Most of us probably consider ourselves responsible when it comes to our dogs, but, as Dr. Arnie Cary, DVM and Board Member of The Animal Haven of North Haven says, “we sometimes fall short. After all, we are human!” For those times when we do fall short, the shelter would like to remind you of some easy ways to make sure your dog is safe, healthy, and well-cared for.
Provide up-to-date vaccinations. The “core” vaccines—distemper, parvo, and rabies—will protect your dog from potentially fatal diseases. Rabies vaccines are mandatory in Connecticut, and will also help protect you and your neighbors. You only need to update the vaccine every three years, in most cases.
Take your dog for routine physical exams. Early detection of problems like weight loss, cancer, dental problems, and others, is key to maintaining your dog’s health. If your dog hates going to the vet, ask whether the office has “fear free” protocols which some vets are now following, to make the visit more pleasant.
Dog-proof your house and yard. Take a look around the house—are there cleaning or other chemical products, holiday candy, or other toxins that your dog could easily ingest? Learn what foods are toxic to dogs, including chocolate, raisins, onions, garlic, and foods with the added sugar substitute xylitol. Keep your pet safe and prevent expensive veterinary bills by storing these and other items out of her reach.
Exercise, exercise, exercise! The importance of this can’t be stressed enough. Providing your dog with plenty of exercise is good for him, and you as well. For alert and active dogs, exercise is crucial to keeping them mentally and physically healthy and out of trouble. If you have a “couch potato” dog, he risks overweight and the health problems that go with it, so make sure to provide him with plenty of opportunities to move.
Provide a well-balanced and healthy diet. This may be easier said than done because there are so many variables—how much to feed, how often, dry or canned food, snacks….Dr. Cary recommends talking to your veterinarian about your dog’s diet, and looking for foods that are endorsed by the Association of American Food Control Officials (AAFCO). This endorsement insures that the food has been tested for nutritional completeness, among other things. Start by feeding the suggested amount on the package, and vary the amount depending on your dog’s weight gain or loss. And, it’s best to stick with dog food, and not feed your pet from the table.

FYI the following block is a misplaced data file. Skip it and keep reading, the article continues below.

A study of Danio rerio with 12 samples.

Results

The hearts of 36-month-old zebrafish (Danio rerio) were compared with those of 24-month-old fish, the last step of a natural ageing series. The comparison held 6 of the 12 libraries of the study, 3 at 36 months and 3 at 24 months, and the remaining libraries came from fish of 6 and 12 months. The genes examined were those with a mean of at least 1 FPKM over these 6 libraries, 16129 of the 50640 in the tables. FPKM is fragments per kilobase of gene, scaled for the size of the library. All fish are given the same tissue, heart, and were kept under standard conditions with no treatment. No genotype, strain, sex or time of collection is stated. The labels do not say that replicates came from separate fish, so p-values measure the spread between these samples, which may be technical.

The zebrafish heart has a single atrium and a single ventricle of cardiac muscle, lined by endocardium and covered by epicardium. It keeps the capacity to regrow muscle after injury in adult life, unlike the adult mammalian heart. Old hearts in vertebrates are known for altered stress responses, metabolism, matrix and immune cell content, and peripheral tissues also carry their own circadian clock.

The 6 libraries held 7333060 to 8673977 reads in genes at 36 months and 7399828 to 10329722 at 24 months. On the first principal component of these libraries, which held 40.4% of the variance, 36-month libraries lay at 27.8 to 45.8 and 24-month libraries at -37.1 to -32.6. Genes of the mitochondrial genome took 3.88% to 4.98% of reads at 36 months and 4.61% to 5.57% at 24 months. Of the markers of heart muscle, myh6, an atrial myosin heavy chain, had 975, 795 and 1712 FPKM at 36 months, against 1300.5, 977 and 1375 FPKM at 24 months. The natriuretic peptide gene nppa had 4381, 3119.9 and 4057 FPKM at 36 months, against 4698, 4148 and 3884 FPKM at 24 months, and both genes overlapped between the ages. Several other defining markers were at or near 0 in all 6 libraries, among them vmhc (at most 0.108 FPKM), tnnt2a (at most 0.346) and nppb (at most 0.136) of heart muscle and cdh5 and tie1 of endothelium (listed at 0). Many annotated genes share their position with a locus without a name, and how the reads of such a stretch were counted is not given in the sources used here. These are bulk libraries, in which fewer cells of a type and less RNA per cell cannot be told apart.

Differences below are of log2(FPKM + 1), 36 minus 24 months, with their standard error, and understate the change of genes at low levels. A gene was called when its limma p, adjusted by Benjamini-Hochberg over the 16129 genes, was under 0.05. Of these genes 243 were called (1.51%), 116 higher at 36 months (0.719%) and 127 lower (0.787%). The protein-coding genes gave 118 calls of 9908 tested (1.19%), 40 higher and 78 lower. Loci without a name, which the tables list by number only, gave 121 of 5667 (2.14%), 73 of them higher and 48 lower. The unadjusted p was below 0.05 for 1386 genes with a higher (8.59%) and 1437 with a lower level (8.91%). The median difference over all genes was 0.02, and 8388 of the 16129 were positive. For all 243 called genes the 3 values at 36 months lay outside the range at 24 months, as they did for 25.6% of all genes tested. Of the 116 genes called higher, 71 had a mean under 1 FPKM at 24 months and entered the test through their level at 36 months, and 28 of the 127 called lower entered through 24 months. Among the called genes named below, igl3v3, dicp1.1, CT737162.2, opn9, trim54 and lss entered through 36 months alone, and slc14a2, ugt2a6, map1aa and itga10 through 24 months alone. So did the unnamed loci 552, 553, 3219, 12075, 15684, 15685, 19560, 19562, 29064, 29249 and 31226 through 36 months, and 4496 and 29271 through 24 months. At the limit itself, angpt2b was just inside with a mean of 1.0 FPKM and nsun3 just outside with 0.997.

Maintain your dog’s hygiene. Depending on your dog’s coat, bathing and grooming are essential. Regular brushing will help eliminate excessive shedding, stimulate the skin and coat and, for some dogs, may decrease the need for frequent bathing. Learn how to regularly keep your dog’s nails trimmed, or ask a professional to do it for you. And check the dog’s mouth on a regular basis, looking for tartar; red, swollen or bleeding gums; odor; or discomfort.
Train your dog. Dogs are pack animals, and in the wild are trained and socialized by the pack. We are our dog’s pack. We want them to conform to our life style to a degree, and we
want to maintain their safety, our safety, and that of our neighbors. Dogs are happier, less anxious, and more well-adjusted when they have strong (but compassionate!) and consistent
leadership. All members of the family (pack) should be involved and on the same page. General obedience work (sit, stay, come, etc.) can never be over-repeated. It keeps your dog attuned to you and ready to listen at all times. Always pair something you want with something your dog wants, to help keep her sharp as well. For example, always ask her to sit before you give her a reward, dinner, or before taking her out for a walk.
Being responsible when it comes to your pet is the key to having a happy, well-adjusted, and well-behaved dog. We owe it to ourselves, and our dogs will love us for it!